Can CNN really pivot to the center under Chris Licht?
It’s a question being asked around virtual water coolers in the media world: Can new boss Chris Licht transform CNN back into the CNN of old?
A recent Axios report says Licht, the former executive producer of CBS’s “Late Night with Stephen Colbert,” intends “to give personalities that may appear polarizing a chance to prove they’re willing to uphold the network’s values so that they don’t tarnish CNN’s journalism brand.”
“For on-air talent,” the story continues, “that includes engaging in respectful interviews that don’t feel like PR stunts. For producers and bookers, that includes making programming decisions that are focused on nuance, not noise.”
By the CNN of old, we’re talking specifically about the era that existed from 1980 to 2001, when Bernard Shaw – the Marine-turned-journalist – was to the cable news network what Walter Cronkite was to CBS. Credible, meticulous and measured, Shaw never made the story about himself, never took a side in a debate. He just did what great journalists do: Get the story and get it right without fear of or favor to party or ideology.
Even as a contributor to Fox News, CNN’s rival, I have the greatest respect for Shaw.
Getting the story sometimes meant Shaw putting his life on the line, as America witnessed the first night of the first Gulf War in 1991. Shaw, along with Peter Arnett and John Holliman, broadcast from behind a desk at the Al-Rashid Hotel in Baghdad, beating the competition by being the only team to chronicle the moment.
Yet Shaw’s perspective almost seems foreign when reading it today. Here he is in a 1991 interview with the Washington Post: “After you start reading your reviews, you run the risk of believing you’re important. That can create distortions in your perceptions, in your honesty. It can color your judgment. I’m a severe critic of myself.”
“You run the risk of believing you’re important.” That’s basically the exact opposite of the mantra we hear from some on CNN today. Contrast Shaw’s self-evaluation with the perspective of former CNN White House Correspondent Jim Acosta.
“Call me a showboater or a grandstander or ‘fake news,’ ” he wrote in his 2019 memoir, “The Enemy of the People.” “I will go to my grave convinced deep down in my bones that journalists are performing a public service for the good of the country. The country is better off with reporters in the White House briefing room asking the hard questions, even if we sometimes sound a little over the top. That noise is the sound that a healthy, functioning democracy makes.”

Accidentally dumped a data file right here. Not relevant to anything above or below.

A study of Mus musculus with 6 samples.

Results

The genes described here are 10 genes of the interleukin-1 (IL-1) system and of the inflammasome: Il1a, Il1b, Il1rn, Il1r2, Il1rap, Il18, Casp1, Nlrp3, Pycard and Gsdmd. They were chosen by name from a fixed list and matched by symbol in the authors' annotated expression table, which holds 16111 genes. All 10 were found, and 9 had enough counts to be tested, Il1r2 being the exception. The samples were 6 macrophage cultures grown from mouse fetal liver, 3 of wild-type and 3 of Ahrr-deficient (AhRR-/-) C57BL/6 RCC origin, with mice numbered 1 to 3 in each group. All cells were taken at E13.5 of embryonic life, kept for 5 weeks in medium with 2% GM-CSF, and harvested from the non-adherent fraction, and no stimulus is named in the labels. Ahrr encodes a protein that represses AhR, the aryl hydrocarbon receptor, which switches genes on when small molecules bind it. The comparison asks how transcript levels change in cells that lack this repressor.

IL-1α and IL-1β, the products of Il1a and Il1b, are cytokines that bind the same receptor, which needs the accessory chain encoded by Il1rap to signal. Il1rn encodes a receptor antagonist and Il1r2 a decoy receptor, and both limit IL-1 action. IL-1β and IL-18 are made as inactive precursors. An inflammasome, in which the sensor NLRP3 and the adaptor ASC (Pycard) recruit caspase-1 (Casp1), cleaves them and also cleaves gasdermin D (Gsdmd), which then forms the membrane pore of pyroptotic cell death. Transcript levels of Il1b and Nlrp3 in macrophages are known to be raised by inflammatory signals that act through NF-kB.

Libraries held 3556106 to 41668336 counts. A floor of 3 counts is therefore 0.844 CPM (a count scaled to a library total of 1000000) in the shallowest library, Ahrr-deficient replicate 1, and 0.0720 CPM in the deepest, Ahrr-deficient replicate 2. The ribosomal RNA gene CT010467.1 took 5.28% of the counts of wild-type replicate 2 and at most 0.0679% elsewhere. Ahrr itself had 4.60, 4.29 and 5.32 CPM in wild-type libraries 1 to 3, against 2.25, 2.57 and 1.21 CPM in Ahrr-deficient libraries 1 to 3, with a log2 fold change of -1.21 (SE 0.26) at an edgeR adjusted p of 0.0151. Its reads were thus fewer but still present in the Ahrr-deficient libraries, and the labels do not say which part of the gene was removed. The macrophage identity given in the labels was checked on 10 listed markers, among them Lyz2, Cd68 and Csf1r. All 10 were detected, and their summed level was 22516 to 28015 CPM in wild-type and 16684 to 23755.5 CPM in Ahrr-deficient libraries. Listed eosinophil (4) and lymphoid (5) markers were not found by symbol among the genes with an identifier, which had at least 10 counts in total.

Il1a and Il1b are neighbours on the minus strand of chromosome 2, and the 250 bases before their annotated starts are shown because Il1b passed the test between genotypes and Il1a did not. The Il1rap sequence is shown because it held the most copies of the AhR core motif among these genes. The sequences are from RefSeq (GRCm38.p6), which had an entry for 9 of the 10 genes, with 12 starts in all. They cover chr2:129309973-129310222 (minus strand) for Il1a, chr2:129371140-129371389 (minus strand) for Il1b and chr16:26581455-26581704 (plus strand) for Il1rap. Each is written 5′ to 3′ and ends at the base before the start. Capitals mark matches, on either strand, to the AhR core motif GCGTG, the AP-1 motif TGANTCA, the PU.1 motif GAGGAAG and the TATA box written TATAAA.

Acosta would exit his White House position when Donald Trump left the stage and Joe Biden took office. His weekend program, which isn’t billed as opinion but rather as a hard news offering in the form of “CNN Newsroom,” consists almost entirely of Democratic guests and activists along with hyperbolic speeches by Acosta that are difficult to separate from the rhetoric of Rep. Alexandria Ocasio-Cortez (D-N.Y.). And despite Trump being out of office for nearly 18 months, Acosta’s news program is still amazingly fixated on the 45th president instead of Biden, the 46th president, who just happens to be at an historical low in polling for a first-term president.
So much for asking the hard questions of those in power.
“Kissing the ring will not make it [Trump] go away. Impersonating him certainly will not make it go away. He will find new ways to disgust you and betray you because there is no bottom. There hasn’t ever been a bottom and there never will be a bottom,” Acosta, as an anchor, “warned” Republicans recently.
There’s obviously a business end to this as well. When Trump left office, CNN was averaging more than 2.8 million viewers in primetime. But without its central villain and without the credibility it once had, viewers left in unprecedented fashion. The network can’t even attract an average of 600,000 viewers in primetime, meaning viewership is down more than 80 percent since Biden entered the Oval Office. If Licht were to clean house, there won’t exactly be too many loyal viewers upset with the development.
So this is the challenge Licht faces: Here you have Acosta, who generated as much press for the network and himself during the Trump years as anyone. And under former CNN president Jeff Zucker, that was seen as a very good thing when it absolutely should not have. Because while Acosta was hailed by partisan late-night hosts and journalists mostly hostile to the previous administration, CNN’s credibility – the credibility that Shaw and others built over decades – was quickly dissipating with every viral clip of Acosta not asking what he called hard questions but, instead, using Democratic policy positions to ask questions in the form of diatribes.
Does Licht put Acosta back on the White House beat to challenge the Biden administration the same way he challenged Trump’s? Is Acosta capable of challenging Team Biden on myriad issues, ranging from 40-year-high inflation to record gas prices to skyrocketing crime to an immigration crisis? Or does Licht simply cut loose Acosta and others, such as chief media correspondent Brian Stelter, the “Reliable Sources”anchor who’s also mentioned in the Axios report as someone Licht apparently is keeping his eye on.
Does Licht seriously mean business in attempting to bring CNN back towards the center? Time will tell. But based on the Axios reporting, someone appears to be sending a message to CNN’s talent and producers alike: The partisan playtime that existed for years under the previous boss is over. Start representing this brand the way this network once did or move on.
Licht has the tallest of orders in changing CNN’s culture, where the only option ultimately may be to blow up the whole thing and start over.
Joe Concha is a media and politics columnist and a Fox News contributor.